FREQUENTLY ASKED QUESTIONS
Basic Courtroom Etiquette Rules
Wear clothing that would be appropriate for business.
Arrive on time.
Turn off electronic devices and cell phones before entering the courtroom.
Be polite to the judge, opposing counsel, and court staff.
Rise when the judge and jury enter and leave the courtroom.
Stand when speaking to the judge, making or meeting an objection, or questioning a witness.
Do not interrupt others while they are talking.
Refer to the judge as “Your Honor.”
Direct all concerns and remarks to the bench and not opposing counsel.
Should I talk to the police?
No. You have a Constitutional right to remain silent, and a Constitutional right to a lawyer. If you are under investigation or being questioned by the police, you should always insist on consulting with a lawyer. Police officers are allowed to lie to you and trick you into making statements that can be used against you. Police officers will often “summarize” your statement, only writing down the parts that make you look bad. While the police will say they are only interested in “your side of the story” they are really just interested making an arrest. Our team knows that your freedom means everything, and our efforts are always centered on keeping you from being behind bars. In certain cases, this can be accomplished by seeking dismissals or not guilty verdicts. In others, reduced charges and sentencing options, as well as alternative resolutions may prove the best available options for keeping you out of jail. Alternative resolutions may include diversionary programs or other alternative sentencing options such as drug/alcohol treatment or community service.
Can I really fight a DUI charge?
Absolutely. Just because you were arrested for driving under the influence D.U.I does not mean that you are guilty. In fact, there are numerous ways in which DUI allegations can be defended against. Violations of procedures, unlawful searches and seizures, inaccurate chemical tests, and other circumstances can be enough to win your case. Using these circumstances to your advantage requires experienced legal eyes, meticulous investigations, and diligent preparation. In order to successfully fight your DUI charges you will need a proven Atlanta DUI attorney on your side. Our legal team is prepared to defend you in both criminal court proceedings and hearings with the Department of Driver's Services.
Do I need an attorney?
Yes. Not only do you need an attorney, but you need one who has experience handling criminal cases. Having a highly experienced attorney by your side can make all the difference in the outcome of your case. You must consider the fact that your freedom, future, and reputation are at stake. A criminal conviction can subject you to life-altering penalties and collateral consequences that can compromise your personal and financial well-being for years to come. Don’t risk your freedom by trying to represent yourself and don’t hire a lawyer without significant criminal experience and a proven track record.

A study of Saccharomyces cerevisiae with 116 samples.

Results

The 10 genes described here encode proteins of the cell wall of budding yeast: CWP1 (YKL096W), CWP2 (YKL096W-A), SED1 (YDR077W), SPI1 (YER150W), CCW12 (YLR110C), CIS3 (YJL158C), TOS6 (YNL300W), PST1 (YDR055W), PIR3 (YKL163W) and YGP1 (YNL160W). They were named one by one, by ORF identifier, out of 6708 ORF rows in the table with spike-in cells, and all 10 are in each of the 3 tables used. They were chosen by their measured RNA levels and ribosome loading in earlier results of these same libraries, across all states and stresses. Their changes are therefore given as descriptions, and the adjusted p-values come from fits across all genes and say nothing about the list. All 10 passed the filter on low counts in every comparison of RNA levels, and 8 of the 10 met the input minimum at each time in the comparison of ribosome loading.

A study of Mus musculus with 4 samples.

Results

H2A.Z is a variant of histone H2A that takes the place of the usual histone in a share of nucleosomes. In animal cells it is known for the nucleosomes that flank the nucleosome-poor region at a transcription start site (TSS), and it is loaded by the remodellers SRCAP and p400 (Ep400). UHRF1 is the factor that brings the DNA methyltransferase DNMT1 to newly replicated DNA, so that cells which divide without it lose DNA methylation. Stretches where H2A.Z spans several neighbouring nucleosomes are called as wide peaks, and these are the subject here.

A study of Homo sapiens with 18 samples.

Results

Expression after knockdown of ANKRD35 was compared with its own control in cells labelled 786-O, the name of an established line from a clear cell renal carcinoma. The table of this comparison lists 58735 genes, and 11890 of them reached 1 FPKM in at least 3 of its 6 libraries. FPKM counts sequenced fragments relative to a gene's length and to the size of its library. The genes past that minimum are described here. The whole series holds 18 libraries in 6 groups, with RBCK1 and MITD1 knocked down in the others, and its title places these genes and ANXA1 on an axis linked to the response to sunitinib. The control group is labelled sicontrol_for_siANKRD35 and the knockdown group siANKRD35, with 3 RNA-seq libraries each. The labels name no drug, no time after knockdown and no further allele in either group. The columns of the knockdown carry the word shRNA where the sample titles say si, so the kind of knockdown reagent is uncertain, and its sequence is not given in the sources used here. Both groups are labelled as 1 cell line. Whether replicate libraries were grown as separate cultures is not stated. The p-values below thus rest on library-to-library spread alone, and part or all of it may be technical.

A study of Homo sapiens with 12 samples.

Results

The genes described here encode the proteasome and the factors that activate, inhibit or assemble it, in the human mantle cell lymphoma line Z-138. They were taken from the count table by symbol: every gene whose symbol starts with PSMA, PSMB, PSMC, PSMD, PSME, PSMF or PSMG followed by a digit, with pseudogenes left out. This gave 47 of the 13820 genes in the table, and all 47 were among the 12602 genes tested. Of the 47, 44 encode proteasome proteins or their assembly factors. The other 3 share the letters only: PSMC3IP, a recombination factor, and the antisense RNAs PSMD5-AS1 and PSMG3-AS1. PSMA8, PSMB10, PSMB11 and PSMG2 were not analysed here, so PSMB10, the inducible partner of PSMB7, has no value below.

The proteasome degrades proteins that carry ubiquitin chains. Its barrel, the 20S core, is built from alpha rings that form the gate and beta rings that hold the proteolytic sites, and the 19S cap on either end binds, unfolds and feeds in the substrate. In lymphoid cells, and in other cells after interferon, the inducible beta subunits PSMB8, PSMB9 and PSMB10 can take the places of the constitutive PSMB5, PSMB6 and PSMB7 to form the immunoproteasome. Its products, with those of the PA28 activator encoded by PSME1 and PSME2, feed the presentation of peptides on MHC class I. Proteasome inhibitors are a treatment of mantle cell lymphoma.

Will I go to Jail?
Again, the prospect of imprisonment is a matter that depends heavily on the unique facts of your case, including the type and severity of the allegations you face and your prior criminal history. Our Legal team knows that your freedom means everything, and our efforts are always centered on keeping you from being behind bars. In certain cases, this can be accomplished by seeking dismissals or not guilty verdicts. In others, reduced charges and sentencing options, as well as alternative resolutions may prove the best available options for keeping you out of jail. Alternative resolutions may include diversionary programs or other alternative sentencing options such as drug/alcohol treatment or community service.
What should I do after I've been arrested?
Being arrested can be an experience fraught with chaos, fear, and uncertainty. Although this time can be one of tremendous difficulty, what you do after an arrest can have a significant impact on the eventual outcome of your case. One of the most important things you can do after you've been arrested is to keep quiet. As stated above, you have the legal right to not answer any questions asked by law enforcement officers. In fact, we recommend that you say nothing, as saying the wrong thing can be used against you during your case. Remember, just because you were arrested does not mean that you are guilty of the offense. You will have the opportunity to state your side of the story during your case, and with the assistance of an attorney.